Book Review: Nixon’s War at Home

Nixon’s War at Home: The FBI, Leftist Guerillas, and the Origins of Counterterrorism. By Daniel S. Chard. Chapel Hill: University of North Carolina Press, 2021. 384 pages. $32.95 (hardcover). 

Book cover to "Nixon’s War at Home: The FBI, Leftist Guerillas, and the Origins of Counterterrorism"  By Daniel S. Chard.  The lettering is in white while the background is red with repeated images of Richard Nixon's face; most of them have the yeas blacked out except for one image.

The late Todd Gitlin titled his 1987 book The Sixties: Years of Hope, Days of Rage. In the wake of conservative presidencies, rising levels of global terrorism and the Patriot Act, the Days of Rage have dominated the discourse on the Sixties. It’s as if the entire Zeitgeist was defined by violence-prone groups, such as the Black Liberation Army (BLA) and the Weather Underground.  

Nixon’s War at Home is eye-opening. Daniel Chard (Ph.D. UMass Amherst, 2016) draws upon recently released FBI documents, archival sources, interviews, and other primary sources to reveal, “how institutional conflict over how to combat terrorism led to Watergate, (13) reshaped how the government defined domestic protest and paved the way for the Patriot Act. It pivots on Chard’s distinction between domestic guerillas and terrorists, which is far more than a matter of semantics. 

Chard takes on blame-the-Left narratives but pulls back from “uncritical nostalgia” for internal “paramilitary groups” (267) that fractured the Left. His main targets, though, are police repression, illegal tactics, and the political fanaticism of the Right that exaggerated threats precipitated more violence than it deterred, ignored civil liberties, and sought to undo Great Society programs.

Chard’s book has a surprising voice of moderation: FBI head J. Edgar Hoover. Hoover despised the Left and had few qualms about unleashing police power, but he was reluctant to embrace more extreme methods favored by Nixon. Hoover’s FBI was more geared to investigating the Old Left, a major reason its Counterintelligence Program was constantly bamboozled by New Left tactics. Nevertheless, Hoover was increasingly protective of his legacy and the reputation of the FBI. 

That he worried about the honor of an agency that had long conducted illegal wiretaps is a measure of how unsettling Hoover found Nixon’s proposals to be. Chard writes, “Nixon, for the first time in U.S. history, sought direct White House control over America’s intelligence agencies.” (115) At its heart was the Huston Plan hatched by an ultra-conservative attorney, which would have expanded existing FBI practices such as warrantless wiretaps, but Hoover balked over White House oversight, reclassifying Leftist insurgents as terrorists, and expanded break-ins of offices, homes, and businesses. (Hoover, a racist, made exceptions in dealing with the BLA.) To Nixon, a president who notoriously fashioned an enemies list, any resistance to his will ran the risk of being pegged as disloyal. Hoover’s fears were justified; when appeals to “national security” were used to justify break-ins against a Media, Pennsylvania group that stole FBI documents, and courts ruled against the agency. This had the additional effect of outraging an American public that hitherto had little idea of the extent of FBI surveillance.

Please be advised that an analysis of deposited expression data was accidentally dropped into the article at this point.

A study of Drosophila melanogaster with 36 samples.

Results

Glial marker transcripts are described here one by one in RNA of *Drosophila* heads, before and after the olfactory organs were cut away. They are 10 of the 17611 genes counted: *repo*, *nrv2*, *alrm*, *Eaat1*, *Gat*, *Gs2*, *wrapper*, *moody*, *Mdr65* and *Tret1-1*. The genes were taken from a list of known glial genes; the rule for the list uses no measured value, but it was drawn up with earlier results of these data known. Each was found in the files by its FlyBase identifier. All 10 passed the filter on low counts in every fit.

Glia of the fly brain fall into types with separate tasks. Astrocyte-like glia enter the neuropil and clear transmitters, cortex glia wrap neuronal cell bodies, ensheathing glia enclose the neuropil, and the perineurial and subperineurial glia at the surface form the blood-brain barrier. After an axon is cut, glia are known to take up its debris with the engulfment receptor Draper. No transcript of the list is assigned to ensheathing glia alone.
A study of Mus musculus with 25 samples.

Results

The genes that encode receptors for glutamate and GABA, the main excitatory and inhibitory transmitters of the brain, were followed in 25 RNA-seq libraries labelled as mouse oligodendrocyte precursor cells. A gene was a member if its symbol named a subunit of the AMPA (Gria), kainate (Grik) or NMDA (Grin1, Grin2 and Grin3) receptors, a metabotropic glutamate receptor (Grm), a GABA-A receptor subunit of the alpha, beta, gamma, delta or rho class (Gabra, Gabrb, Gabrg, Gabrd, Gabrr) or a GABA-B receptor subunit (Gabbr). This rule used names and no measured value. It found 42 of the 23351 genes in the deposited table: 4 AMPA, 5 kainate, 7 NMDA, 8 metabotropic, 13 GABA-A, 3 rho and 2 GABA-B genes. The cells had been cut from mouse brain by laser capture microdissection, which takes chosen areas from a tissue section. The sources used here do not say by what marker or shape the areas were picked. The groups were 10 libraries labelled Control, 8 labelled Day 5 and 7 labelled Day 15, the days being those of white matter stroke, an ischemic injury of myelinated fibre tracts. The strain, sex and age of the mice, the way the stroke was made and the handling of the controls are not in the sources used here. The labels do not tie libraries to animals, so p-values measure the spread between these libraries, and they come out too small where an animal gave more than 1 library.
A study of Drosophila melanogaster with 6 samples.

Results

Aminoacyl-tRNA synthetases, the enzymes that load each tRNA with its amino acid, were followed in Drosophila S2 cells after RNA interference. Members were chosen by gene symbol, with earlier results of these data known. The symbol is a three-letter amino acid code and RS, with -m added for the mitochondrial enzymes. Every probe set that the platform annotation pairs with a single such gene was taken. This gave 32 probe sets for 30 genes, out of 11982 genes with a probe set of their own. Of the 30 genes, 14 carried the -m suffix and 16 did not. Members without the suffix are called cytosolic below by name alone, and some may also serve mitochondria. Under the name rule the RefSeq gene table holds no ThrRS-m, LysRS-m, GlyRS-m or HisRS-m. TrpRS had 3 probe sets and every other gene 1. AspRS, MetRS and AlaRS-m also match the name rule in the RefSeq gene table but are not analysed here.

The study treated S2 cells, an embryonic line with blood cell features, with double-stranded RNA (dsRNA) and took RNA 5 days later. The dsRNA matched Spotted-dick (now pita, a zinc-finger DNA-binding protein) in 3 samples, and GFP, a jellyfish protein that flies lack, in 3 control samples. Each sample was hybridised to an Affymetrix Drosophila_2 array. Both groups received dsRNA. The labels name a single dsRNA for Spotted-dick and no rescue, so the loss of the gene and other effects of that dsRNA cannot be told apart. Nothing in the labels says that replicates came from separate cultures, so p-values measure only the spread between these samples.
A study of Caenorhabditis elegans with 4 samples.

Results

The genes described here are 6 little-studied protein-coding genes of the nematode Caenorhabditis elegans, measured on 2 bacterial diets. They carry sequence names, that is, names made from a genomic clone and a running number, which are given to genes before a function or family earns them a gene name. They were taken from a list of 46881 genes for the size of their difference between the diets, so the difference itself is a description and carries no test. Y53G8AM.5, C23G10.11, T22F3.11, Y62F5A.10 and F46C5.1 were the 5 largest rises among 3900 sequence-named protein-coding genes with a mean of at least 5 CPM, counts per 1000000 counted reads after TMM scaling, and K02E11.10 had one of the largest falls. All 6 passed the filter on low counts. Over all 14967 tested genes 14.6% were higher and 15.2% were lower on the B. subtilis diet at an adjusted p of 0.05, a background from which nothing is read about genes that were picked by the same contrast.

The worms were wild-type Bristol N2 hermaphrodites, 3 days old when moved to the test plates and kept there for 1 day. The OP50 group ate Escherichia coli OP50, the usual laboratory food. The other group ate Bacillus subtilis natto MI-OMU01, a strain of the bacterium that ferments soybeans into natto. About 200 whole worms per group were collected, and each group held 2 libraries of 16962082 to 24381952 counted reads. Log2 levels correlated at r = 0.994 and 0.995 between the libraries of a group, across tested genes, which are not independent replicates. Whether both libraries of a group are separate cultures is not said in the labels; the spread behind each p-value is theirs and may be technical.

Hoover died in 1972, but the bifurcation within the FBI outlived him, as several successors, including Nixon’s chosen replacement L. Patrick Gray, would discover. Chard draws connections between the Watergate break-ins and the illegal and questionable tactics used against domestic guerillas (including attempts to link them to international terrorism). In this discussion, Chard introduces a Machiavellian villain: Mark Felt, the infamous “Deep Throat” whose tips were crucial in forcing Nixon’s resignation. Far from being a public guardian who underwent a life-altering reexamination of his values á la Daniel Ellsberg, Felt supported the Huston Plan, wanted to succeed Hoover, and undermined those in his way, including assistant director William Sullivan and Gray. In Chard’s assessment, Felt was simply a spurned self-seeking hardliner. 

Chard argues that the ultimate misfortune is that terrorism came to be applied solely to the Left. He writes, “Today, if we are going to use the word ‘terrorism’ as it came to be understood in the early 1970s, the greatest terrorist threat comes from the Right. Since 9/11, white racists have conducted far more violent attacks inside the United States than have Islamic extremists and have left more victims dead.” (266) In addition to his list abortion clinic assassins, Timothy McVeigh’s 1995 bombing in Oklahoma City, and the murderous actions of anti-Semitic, homophobic, and neo-Nazi groups. And yes, the rioters at the U.S. Capitol on January 6, 2021. 

Robert E. Weir 

University of Massachusetts Amherst  

Full disclosure: I befriended Dan Chard when he was in the UMass graduate history program, but I retired before this book took shape.